A (short) adventure with Bubble tea

Last week many of my students arrived at our centre with bubble tea cups in hand, most of them gushing over how awesome they are.

So if, like me then, you’re not in the know about this trend, this is what wikipedia has to say:


“Bubble tea is the name for pearl milk tea and other similar tea and juice beverages that originated in tea shops in Taichung, Taiwan during the 1980s.

Drink recipes may vary, but most bubble teas contain a tea base mixed with fruit (or fruit syrup) and/or milk. Ice-blended versions of the drinks, similar to slushies, are also available, usually in fruit flavors.

One of the famous categories of bubble teas is “pearl milk tea” (also known as “boba milk tea” in parts of America), which contains small chewy balls made of tapioca starch, called “pearls” in Chinese (also known as “fenyuan 粉圆” or “zhenzhu 珍珠”). Pearls made of tapioca are also available in many places.”


In their opening week, Solingen’s shop selling the “tea”, located in the town centre on Kölnerstraße, had its customer’s lining up on the street for a beverage.

What for, I asked myself.

I had to see what all the buzz was about, so tonight I went there and checked it out.

After lots of contemplating, I ordered a small yoghurt grape “tea” with passionfruit bubbles.

The buying of the drink itself was an adventure.

Hubby and I stared at the three (!) ladies it took to mix the drink. One was pouring milk into a cup, the next one was measuring some grape sirup into a small cup whilst the third was engaged with a weird metal machine. After a few minutes and some more mysterious goings-on a label was coated to the top of my cup, which was then handed to me. Quite unceremoniously, as I might add, concerning all the brouhaha it took to make the drink.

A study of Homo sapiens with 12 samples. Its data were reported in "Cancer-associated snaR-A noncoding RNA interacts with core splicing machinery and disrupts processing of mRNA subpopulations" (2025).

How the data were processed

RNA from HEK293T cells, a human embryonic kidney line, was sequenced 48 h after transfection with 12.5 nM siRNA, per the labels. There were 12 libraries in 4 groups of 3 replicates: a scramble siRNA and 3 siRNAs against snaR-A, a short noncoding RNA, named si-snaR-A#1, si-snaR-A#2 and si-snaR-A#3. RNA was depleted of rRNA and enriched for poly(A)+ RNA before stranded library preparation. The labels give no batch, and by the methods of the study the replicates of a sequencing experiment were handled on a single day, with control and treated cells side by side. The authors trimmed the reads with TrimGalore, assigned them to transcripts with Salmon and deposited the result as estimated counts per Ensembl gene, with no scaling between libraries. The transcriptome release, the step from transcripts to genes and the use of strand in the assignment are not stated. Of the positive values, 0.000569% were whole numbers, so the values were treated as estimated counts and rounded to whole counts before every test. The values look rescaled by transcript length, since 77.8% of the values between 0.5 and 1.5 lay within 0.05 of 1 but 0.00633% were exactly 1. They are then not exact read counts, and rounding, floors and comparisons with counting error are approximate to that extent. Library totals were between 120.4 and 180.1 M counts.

Oh dear. The “tea” itself tasted nothing like grapes and a lot like Red Bull, making me question the amount of chemicals I had just swallowed.

I had to build up the balls to chew the bubbles, and making them pop was a rather unpleasant experience, with their somewhat milky and slick content spilling into my mouth. Blech.

After a few sips I decided that it wasn’t for me. How to dispose of the rest of the drink, I’m not sure yet. Does it classify as toxic waste?

The only pro I see in bubble tea are the rather cute pictures on the cups’ labels, like these two:




This is definitely the first and last time I’ve bought a bubble tea.


I don’t think so!


Cuteness overload

It happened, I just ‘sploaded.

Too much cuteness.

Cannot compute…

I mean, the only thing better than Star Wars is when its galactical coolness is combined with kitty cuteness!

Hello Wars!

If they had one, I would buy a “Hello Leia” necklace in a new-york-minute. Without thinking twice.

But even that cuteness can’t be compared to the following.

It’s Jack-in-the-box! It stealthily collects your coins! It meows while doing so!

Oh boy. I mean, you know when my birthday is, right?